Thursday, June 22, 2006

More Government Support for BC Ferries; a Stupid Idea

The latest idea from the Times Colonist staff: the government should [..] consider increasing its subsidy to B.C. Ferries to help hold rates down on tourism-critical routes.

First of all, it goes against one of the core points of British Columbia Ferry Commission mandate: (f) the designated ferry routes are to move towards a greater reliance on a user pay system so as to reduce, over time, the service fee contributions by the government.

And, personally, I don't see the "extraordinary circumstances" in rising fuel prices; they are a reality for all travelers, across B.C.

The funny thing is, the article does bring up this argument, but uses it as an excuse; a strange way of using rising fuel costs to subsidize a privately held company. Who do we support next, Air Canada, Horizon Air, WestJet, or maybe the Clipper and the Coho? And what about the taxi companies? They loose business too. And why not give HeliJet some extra support?

And what do we do when oil reaches $120 a barrel, do we double our support to BC Ferries?
It's a slippery slope with no end in sight.

Here's the kind of conclusion that straightforward thinking would produce:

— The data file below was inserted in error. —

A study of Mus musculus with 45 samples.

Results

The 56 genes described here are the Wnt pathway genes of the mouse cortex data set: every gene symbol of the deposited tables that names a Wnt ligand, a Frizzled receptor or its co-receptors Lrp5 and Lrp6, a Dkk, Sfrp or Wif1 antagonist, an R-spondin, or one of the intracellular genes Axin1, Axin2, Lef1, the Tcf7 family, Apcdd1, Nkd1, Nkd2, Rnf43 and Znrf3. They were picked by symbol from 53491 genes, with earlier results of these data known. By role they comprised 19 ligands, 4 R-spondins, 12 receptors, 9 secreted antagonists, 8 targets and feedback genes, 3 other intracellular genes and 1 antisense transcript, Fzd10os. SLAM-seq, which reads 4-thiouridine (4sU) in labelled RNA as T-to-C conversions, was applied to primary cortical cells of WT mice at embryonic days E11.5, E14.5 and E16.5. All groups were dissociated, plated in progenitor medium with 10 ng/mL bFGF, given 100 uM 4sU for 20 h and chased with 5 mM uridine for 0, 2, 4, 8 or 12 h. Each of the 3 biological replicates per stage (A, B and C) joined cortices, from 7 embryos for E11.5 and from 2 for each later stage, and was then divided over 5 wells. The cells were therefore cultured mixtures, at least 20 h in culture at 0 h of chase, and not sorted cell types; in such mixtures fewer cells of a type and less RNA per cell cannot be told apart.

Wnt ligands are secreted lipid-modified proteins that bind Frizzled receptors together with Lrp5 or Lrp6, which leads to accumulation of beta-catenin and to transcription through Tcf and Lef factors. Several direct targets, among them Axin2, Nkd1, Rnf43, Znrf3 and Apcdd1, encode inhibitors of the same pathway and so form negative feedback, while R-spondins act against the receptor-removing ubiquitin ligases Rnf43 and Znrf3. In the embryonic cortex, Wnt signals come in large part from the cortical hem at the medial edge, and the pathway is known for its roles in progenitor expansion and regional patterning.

Rising fuel costs are a global issue, which indeed can (and probably will) have an impact on travelers. But to financially support one (privatized) company over an other, under the show of loss of tourism, is an unfair solution and therefore the wrong way to go.

Why then not support restaurants too? If it's more affordable to dine out, then there's more money left to spend on travel; Victoria, the dining Mekka of Canada! And maybe hotels too? Great idea! Let's give everybody $25 dollars if they spend a night in Victoria!

More government support for BC Ferries is a stupid idea.

Thursday, June 15, 2006

House Republican War Crimes; William Rivers Pitt

House Republican War Crimes
By William Rivers Pitt
t r u t h o u t | Perspective

Thursday 15 June 2006

There is going to be a debate today on the floor of the House of Representatives regarding Iraq. Is it within the realm of possibility to categorize a debate on the floor of the House as a war crime? Is that too much of a stretch? Leveling a war crime accusation is deadly serious business after all, and not to be bandied about like some meager political football. Given what is expected to take place today in Washington, unfortunately, such a categorization is worth considering.